Corbett: Pension cuts must come before discussing possible tax hike

HARRISBURG – Gov. Tom Corbett acknowledged Tuesday that Pennsylvania’s budget situation is not pretty, but insisted he will not listen to arguments for a tax increase until lawmakers pass major legislation slashing public employee pension costs.

A tax increase is looking increasingly likely as lawmakers eye a state budget for the soon-to-start fiscal year. The alternative – cutting programs, tapping politically sensitive grant programs or forgoing more aid for public schools and human services programs – would be a challenge to pass, said Senate Majority Leader Dominic Pileggi.

Corbett and Pileggi spoke against the backdrop of closed-door negotiations on Corbett’s $29.4 billion budget plan for the fiscal year that begins July 1. Stumbling tax collections and risky assumptions, however, have blown a nearly $2 billion hole in that plan.

Corbett, who campaigned in 2010 on a pledge not to raise taxes or fees, did not dismiss the idea of some sort of tax increase to help fill a massive hole in the state’s finances. But, he said, lawmakers must address the state’s pension obligations first in an effort to ease the long-term costs.

“It’s not a pretty picture, and we certainly don’t want that, but the first place we have to go is the cost drivers,” Corbett said.

In an effort to win passage of pension legislation, Corbett also has promised to hold up the budget past July 1 – thus blowing away another 2010 campaign pledge to sign on-time budgets.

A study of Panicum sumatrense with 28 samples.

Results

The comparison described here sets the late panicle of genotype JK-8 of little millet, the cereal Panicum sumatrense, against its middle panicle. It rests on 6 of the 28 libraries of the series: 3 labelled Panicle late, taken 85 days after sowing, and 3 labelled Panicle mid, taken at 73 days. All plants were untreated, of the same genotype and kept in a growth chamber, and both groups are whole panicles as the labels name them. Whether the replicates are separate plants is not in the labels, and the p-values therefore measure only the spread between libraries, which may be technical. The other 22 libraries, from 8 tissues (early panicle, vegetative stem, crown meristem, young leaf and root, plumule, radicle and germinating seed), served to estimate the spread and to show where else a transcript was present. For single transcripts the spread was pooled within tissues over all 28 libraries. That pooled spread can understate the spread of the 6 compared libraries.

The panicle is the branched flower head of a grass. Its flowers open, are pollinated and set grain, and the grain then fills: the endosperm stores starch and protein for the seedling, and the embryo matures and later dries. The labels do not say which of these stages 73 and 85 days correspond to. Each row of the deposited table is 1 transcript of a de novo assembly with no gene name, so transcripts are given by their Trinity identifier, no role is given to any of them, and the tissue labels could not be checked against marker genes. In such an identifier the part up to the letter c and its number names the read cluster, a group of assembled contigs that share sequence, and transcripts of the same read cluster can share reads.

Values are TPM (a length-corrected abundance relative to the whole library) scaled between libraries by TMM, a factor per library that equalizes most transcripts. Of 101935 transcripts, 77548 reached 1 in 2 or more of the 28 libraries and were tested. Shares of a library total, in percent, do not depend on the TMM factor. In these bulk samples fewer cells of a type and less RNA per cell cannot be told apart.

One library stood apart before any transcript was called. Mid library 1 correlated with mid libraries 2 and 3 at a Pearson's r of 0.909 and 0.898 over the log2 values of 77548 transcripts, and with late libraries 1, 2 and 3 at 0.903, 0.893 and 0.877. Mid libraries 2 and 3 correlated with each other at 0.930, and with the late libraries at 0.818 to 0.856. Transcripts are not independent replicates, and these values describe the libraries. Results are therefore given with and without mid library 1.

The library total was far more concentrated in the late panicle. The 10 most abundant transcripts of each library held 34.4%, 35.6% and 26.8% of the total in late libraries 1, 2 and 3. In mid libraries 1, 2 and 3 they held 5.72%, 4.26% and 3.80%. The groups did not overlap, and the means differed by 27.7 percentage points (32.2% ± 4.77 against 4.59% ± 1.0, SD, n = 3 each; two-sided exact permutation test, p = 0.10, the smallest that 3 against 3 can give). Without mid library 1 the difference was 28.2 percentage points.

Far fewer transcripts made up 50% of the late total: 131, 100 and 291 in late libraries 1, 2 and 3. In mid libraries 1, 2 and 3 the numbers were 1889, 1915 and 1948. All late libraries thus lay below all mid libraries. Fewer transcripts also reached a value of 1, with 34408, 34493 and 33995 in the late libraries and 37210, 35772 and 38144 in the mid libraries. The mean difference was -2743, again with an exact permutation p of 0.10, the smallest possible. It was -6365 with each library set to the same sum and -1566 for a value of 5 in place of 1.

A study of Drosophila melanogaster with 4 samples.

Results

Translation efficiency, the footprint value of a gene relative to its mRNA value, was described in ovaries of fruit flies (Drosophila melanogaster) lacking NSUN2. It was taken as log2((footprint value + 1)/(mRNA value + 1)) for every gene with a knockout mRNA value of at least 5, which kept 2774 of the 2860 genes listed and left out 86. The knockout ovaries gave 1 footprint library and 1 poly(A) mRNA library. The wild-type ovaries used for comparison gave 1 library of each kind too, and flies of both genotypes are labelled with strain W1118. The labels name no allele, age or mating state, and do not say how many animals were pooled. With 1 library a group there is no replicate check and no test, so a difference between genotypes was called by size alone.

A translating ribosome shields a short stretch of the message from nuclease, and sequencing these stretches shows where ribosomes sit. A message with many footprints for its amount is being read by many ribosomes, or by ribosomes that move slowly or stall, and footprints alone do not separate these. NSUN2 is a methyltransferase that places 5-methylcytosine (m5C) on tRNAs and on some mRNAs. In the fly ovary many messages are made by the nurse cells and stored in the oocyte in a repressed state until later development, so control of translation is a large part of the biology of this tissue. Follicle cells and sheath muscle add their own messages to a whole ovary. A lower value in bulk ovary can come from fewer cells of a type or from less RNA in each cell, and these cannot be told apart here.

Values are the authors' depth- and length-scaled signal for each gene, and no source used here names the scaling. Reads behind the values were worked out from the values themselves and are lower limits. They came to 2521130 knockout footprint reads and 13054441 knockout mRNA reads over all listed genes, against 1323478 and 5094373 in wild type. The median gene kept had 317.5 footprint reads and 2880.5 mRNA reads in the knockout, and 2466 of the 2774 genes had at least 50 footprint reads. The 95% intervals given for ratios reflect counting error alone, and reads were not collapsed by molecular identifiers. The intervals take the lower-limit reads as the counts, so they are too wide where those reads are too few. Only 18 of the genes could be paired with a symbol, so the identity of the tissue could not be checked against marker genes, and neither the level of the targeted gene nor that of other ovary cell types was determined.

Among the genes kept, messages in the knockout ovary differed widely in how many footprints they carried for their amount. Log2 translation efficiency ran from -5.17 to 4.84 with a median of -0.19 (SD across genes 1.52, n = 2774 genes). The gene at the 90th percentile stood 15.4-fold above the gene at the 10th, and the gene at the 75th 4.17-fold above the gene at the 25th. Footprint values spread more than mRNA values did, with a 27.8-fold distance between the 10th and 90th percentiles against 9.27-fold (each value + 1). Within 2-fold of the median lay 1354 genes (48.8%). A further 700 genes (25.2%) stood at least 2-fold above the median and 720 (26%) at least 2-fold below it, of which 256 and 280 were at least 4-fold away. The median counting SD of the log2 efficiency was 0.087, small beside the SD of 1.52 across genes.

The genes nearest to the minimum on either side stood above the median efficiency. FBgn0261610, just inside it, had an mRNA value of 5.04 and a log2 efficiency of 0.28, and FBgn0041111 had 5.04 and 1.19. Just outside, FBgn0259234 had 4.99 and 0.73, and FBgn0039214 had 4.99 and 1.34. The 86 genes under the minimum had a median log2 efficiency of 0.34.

“If we’re not able to finish by June 30, we’re not able to finish by June 30,” Corbett said.

Warning of a $50 billion unfunded liability in the state’s two major public pension systems, Corbett supports legislation that is expected to save more than $10 billion over 30 years. But it would not help close a deficit in this year’s budget, and it lacks support in the GOP-controlled House. Democrats oppose it and unions say it would save money by punishing future teachers, nurses and other public employees.

“If we want to solve our budget crisis, we have to look at the real culprit – the billions in outsized taxpayer giveaways to corporations,” the AFL-CIO’s state president, Rick Bloomingdale, said in a statement.

Meanwhile, the Capitol is stuffed with lobbyists pressing lawmakers for help in the budget, including advocates for hospitals, nursing homes, human services providers and public schools.

Democrats, who have been all but frozen out of budget negotiations, are championing a number of moves they say would resolve the budget shortfall. For the first time under Corbett, votes from Democrats will likely be necessary to pass a budget.